A firm that offers Artificial Intelligence (AI) services to U.S. prisons and jails, uses cloud-based natural language processing to build a customised lexicon based on keywords, code words and local slang. Its software identifies discussions among inmates and their outside conversation partners focusing on weapons, contraband, threats to inmates, gangs, homicides, assaults or suicide.

Investigators notify law enforcement when the system picks up suspicious language or phrases that signal criminal intent, enabling officers to take action before a problem erupts. The company recently signed a contract with the Georgia Department of Corrections for its phone monitoring transcription services, which is hosted on a web-services platform.

The phone monitoring transcription service supports “non-biased phone call analysis and transcription, enabling keyword-based searches and alerts”. It uses translation so corrections officers can easily toggle between Spanish transcripts and English translations. Investigators leverage the information the transcription service collects and help prison systems shut down criminal activity that threatens inmates, staff, and surrounding communities.

A House panel recently asked the Justice Department for a report on the use of AI to monitor prisoners’ calls with an eye toward using it in the federal arena. Local law enforcement officers were able to solve cold homicide cases after prisoners were flagged on the phone talking about committing the murders. The technology also helped prevent suicides. If the federal government starts using it, they are going to prevent a lot of inmate deaths.

However, inmates, their families and advocates say relying on AI to interpret communications opens up the system to mistakes, misunderstandings and racial bias. The advocacy group Surveillance Technology Oversight Project reported last year that the technologies’ AI platform that the New York State Department of Corrections and Community Supervision uses had the potential to automate racial profiling.

A former Secretary of the California Department of Corrections and Rehabilitation said the technology is saving lives both inside and outside of the correctional environments they monitor. Because they listen to all communications, they do not target a race, gender or protected group. Several state and local facilities, including in Alabama and Georgia, already use the technology.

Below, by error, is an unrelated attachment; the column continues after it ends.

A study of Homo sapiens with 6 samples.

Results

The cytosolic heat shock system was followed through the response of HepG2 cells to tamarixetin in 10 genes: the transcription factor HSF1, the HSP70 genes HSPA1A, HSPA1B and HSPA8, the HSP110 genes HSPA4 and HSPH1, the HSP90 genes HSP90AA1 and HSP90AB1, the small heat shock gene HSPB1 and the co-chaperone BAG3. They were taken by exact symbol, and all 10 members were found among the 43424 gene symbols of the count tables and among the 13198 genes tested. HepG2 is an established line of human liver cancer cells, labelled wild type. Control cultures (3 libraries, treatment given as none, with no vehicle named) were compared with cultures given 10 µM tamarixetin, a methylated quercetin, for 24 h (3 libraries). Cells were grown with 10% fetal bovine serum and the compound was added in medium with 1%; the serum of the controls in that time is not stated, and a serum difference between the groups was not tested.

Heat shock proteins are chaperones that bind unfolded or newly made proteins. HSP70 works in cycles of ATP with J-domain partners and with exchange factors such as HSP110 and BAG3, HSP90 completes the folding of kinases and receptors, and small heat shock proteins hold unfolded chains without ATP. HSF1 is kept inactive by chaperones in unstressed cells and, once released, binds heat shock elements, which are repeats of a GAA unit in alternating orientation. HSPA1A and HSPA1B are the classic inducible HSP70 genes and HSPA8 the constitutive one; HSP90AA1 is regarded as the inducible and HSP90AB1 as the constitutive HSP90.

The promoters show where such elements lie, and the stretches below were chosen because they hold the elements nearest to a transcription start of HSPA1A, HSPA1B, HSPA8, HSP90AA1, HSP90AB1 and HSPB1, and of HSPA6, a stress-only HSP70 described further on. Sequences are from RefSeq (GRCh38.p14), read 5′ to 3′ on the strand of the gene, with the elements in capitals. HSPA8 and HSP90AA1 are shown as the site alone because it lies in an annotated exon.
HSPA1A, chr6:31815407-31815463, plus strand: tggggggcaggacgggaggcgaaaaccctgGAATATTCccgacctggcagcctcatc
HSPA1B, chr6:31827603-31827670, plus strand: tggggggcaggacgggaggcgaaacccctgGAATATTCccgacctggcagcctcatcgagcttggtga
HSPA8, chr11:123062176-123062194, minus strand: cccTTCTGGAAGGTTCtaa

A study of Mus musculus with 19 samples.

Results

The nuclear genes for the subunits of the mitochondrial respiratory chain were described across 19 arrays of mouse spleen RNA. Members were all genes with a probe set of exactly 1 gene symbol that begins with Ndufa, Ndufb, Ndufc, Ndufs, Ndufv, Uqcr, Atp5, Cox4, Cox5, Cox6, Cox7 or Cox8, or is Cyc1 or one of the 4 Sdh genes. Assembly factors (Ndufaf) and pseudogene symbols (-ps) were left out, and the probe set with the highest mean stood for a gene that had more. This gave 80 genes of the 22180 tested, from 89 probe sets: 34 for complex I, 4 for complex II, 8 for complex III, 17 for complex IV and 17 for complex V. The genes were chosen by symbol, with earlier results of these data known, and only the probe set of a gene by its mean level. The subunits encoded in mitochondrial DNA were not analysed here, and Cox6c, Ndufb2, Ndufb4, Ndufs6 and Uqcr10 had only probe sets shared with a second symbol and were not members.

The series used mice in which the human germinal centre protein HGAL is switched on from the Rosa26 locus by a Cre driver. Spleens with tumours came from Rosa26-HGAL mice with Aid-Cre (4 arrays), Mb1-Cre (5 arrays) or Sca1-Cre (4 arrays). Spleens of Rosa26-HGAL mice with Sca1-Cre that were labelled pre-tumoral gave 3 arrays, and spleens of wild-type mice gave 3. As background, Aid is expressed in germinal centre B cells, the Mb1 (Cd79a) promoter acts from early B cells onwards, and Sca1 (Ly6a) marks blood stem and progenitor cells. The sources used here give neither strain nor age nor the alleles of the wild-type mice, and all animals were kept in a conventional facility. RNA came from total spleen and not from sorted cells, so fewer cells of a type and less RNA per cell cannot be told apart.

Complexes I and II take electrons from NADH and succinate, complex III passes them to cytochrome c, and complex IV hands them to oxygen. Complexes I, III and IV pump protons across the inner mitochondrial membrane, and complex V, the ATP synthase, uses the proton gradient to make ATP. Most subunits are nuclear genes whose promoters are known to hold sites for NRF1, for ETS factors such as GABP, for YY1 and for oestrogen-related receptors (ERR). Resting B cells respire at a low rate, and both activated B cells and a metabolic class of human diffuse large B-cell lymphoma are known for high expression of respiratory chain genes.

As reported by OpenGov Asia, To reduce bias in AI algorithms, U.S. researchers have developed a new Artificial Intelligence(AI) programming language that can assess the fairness of algorithms more exactly, and more quickly, than available alternatives. Their Sum-Product Probabilistic Language (SPPL) is a probabilistic programming system.

Probabilistic programming is an emerging field at the intersection of programming languages and artificial intelligence that aims to make AI systems much easier to develop, with early successes in computer vision, common-sense data cleaning, and automated data modelling.  Probabilistic programming languages make it much easier for programmers to define probabilistic models and carry out probabilistic inference — that is, work backwards to infer probable explanations for observed data.

SPPL gives fast, exact solutions to probabilistic inference questions. These inference results are based on SPPL programmes that encode probabilistic models of what kinds of applicants are likely, a priori, and also how to classify them. Fairness questions that SPPL can answer include “Is there a difference between the probability of recommending a loan to an immigrant and nonimmigrant applicant with the same socioeconomic status?” or “What’s the probability of a hire, given that the candidate is qualified for the job and from an underrepresented group?”.